GSMA drops bombshell with MWC 2021 postponement

The GSM Association came under sustained fire at the start of the year for its apparent indecisiveness on the cancellation of MWC Barcelona. This huge tradeshow attracts more than 100,000 people annually and is the group's biggest revenue earner.

In fairness to the GSMA, it was caught between some who wrongly thought canceling the event was a panicky response to another Asian virus (few are saying that now) and others who felt not canceling MWC was irresponsible and greedy.

But the GSMA leadership was not exactly Churchillian during the early days of the crisis, and its reputation undoubtedly suffered.

Determined to avoid any repeat, it today dropped a mini bombshell for anyone hoping 2021 would mean a resumption of the old normal.

The Fira de Barcelona, where MWC used to happen.
The Fira de Barcelona, where MWC used to happen.

Nearly half a year in advance of MWC 2021, the GSMA has postponed the event by three months.

It is now scheduled to run from June 28 to July 1, with MWC Shanghai, a spin-off that usually takes place later in the year, penciled in for February 23 to 25.

Financial squeeze
The GSMA has already suffered mightily as a result of MWC's cancellation this year.

In June, Telecoms.com, Light Reading's sister publication, revealed the GSMA was planning job cuts that would affect 20% of its workforce due to the 2019 sales slump.

Companies pay generously for the right to flaunt their wares on the industry's most important technology catwalk.

In March, the GSMA was forced to offer a compensation package to exhibitors affected by the show's 2020 cancellation.

Anyone who spent up to £5,000 ($6,400) on the 2020 show was offered either a full cash refund or a "fees credit" equal to 125% of what they paid this year.

For an exhibitor spending more than £5,000, the same credits were on offer, but the cash refund was limited to 50%.

Credits, said the GSMA, would entitle exhibitors to discounts in future, equal to 65% of their 2020 spend next year, 35% of it in 2022 and 25% in 2023.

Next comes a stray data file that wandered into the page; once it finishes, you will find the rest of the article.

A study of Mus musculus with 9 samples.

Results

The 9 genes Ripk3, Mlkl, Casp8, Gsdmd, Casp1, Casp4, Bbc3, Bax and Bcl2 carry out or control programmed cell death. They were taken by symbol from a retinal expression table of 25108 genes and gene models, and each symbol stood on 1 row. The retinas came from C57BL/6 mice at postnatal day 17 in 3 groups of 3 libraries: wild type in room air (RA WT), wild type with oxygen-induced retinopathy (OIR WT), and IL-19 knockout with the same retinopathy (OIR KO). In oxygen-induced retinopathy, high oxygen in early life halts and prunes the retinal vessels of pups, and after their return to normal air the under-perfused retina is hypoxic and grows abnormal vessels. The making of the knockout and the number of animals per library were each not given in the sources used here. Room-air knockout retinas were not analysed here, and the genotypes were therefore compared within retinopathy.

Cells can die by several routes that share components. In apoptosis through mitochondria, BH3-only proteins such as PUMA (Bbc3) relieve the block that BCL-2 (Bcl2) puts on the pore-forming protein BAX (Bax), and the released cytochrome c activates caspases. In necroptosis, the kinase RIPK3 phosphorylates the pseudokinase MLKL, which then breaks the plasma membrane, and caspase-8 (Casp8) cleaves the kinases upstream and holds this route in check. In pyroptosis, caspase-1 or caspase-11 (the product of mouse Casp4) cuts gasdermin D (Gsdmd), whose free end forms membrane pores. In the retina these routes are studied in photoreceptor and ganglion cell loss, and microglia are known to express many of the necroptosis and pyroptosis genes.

There was a sting in the tail, though: Companies that withdrew before the show's official cancellation were not given the option of a cash refund. Only credits were available.

Mobile World Live, the GSMA's own news title, today reported that 78% of the top 100 exhibitors, including Ericsson, Huawei and Nokia, have already confirmed participation at next year's Barcelona event.

The show must go on?
Assuming it happens at all, that is.

The GSMA has calculated that running its show next February would not be feasible. And yet it believes conditions will have sufficiently improved just four months later to pack tens of thousands of international travelers indoors.

Back in March, few would have thought coronavirus could threaten the cancellation of next year's MWC. Now it seems entirely conceivable.

COVID-19 is not in retreat. The latest data shows that close to 1 million deaths have now been attributed to it. Almost 32 million cases have been recorded worldwide.

Those figures are up from just 45,000 infections and about 1,000 deaths in mid-February, when major exhibitors, including Ericsson and Nokia, had decided the risks were too great.


The real danger for the GSMA, and similar organizations, is that its exhibitors fast adapt to a world without the mega tradeshow.

Even before the pandemic, some were questioning the value of attending MWC Barcelona. To its fiercest critics, it had become an endurance event without an obvious payoff, a bewildering, four-day assault on the senses for hungover executives.

For many regulars, it has remained the venue where deals are done and partnerships formed, all against the boozy backdrop of Barcelona's bars and restaurants.

Ultimately, those hospitality venues will probably miss the show more than many telecom firms. Plenty of 5G activity has happened this year in the absence of MWC.

Show or no show, any chief technology officer building a 5G network needs a radio vendor, a software core and a business support system.

Some friendly banter over a tapas lunch might have sealed a few contracts last year.

In the connected world the telecom industry has helped to build, more humdrum selection criteria may have to replace it.